Author: Lona L. Feldman Date: 10/09/2008

Categories: Corporate and Business Law, Estate Planning and Administration

The Emergency Economic Stabilization Act, signed into law on October 3, 2008, has raised the Federal Deposit Insurance Corporation insurance limits on bank accounts in FDIC insured banks to $250,000 per covered account. This increase is effective for the period October 3, 2008 through December 31, 2009.

As a general rule, an individual can have $250,000 insured in his or her own name. In addition, two joint holders can have $250,000 each, for a total of $500,000 insured at the same bank in the joint account, even if they each have individual accounts there. Moreover, if an individual has a POD or trust account at the same bank, naming his or her three children as beneficiaries, he or she will be entitled to another $750,000 of coverage (one for each child). In addition, retirement accounts are insured up to $250,000.

Each separate business entity has a $250,000 insurance limit at a particular bank. As a result, if a business entity creates a new entity wholly owned by the first entity, it may be possible to increase the insurance limitation to $500,000 at a single bank. FDIC rules do provide that the entity needs to have a real business purpose however. In order to do this, for example, the John Smith Corporation would form the John Smith LLC, which is wholly owned by the John Smith Corporation. Both entities would have separate taxpayer identification numbers and be treated as separate businesses for purposes of the FDIC insurance rules. Thus, if both the John Smith Corporation and the John Smith LLC had accounts at the Enormous Bank, each entity would be covered by FDIC insurance for $250,000 for a total of $500,000 for both entities.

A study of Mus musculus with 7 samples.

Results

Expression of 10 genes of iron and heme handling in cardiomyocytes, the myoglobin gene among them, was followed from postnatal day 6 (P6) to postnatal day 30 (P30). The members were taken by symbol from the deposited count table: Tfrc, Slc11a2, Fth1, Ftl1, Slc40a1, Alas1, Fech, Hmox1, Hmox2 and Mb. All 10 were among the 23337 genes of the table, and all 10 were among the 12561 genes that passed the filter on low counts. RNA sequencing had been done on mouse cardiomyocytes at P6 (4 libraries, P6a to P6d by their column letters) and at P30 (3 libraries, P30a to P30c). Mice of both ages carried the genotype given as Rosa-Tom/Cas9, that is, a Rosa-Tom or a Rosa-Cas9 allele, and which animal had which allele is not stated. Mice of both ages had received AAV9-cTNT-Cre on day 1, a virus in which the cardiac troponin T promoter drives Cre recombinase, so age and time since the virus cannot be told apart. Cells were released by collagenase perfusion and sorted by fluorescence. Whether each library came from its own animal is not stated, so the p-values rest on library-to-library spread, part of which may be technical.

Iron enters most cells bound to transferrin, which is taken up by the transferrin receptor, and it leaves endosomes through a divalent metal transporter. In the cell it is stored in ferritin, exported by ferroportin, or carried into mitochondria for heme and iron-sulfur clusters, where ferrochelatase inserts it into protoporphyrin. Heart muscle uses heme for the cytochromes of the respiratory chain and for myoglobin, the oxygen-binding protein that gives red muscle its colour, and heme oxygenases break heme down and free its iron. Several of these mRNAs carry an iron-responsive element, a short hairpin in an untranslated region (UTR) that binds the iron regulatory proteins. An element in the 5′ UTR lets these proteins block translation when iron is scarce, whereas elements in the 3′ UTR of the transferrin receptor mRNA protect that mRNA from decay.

The FDIC computes its insurance based on the parent bank. Therefore, you cannot increase your coverage by having accounts in different branches of the same bank. If a bank is purchased by or taken over by another financial institution, and if you have accounts in both of those institutions, you would retain individual institutional coverage for all of your accounts for a period of six months after the purchase or take over.

The FDIC has provided a calculator so that any person can determine his or her insurance limitations. You can reach this calculator by clicking http://www2.fdic.gov/edie/index.html. In order to use this calculator, you only need to estimate amounts and do not need to put in your real identification numbers or the real names of the accounts.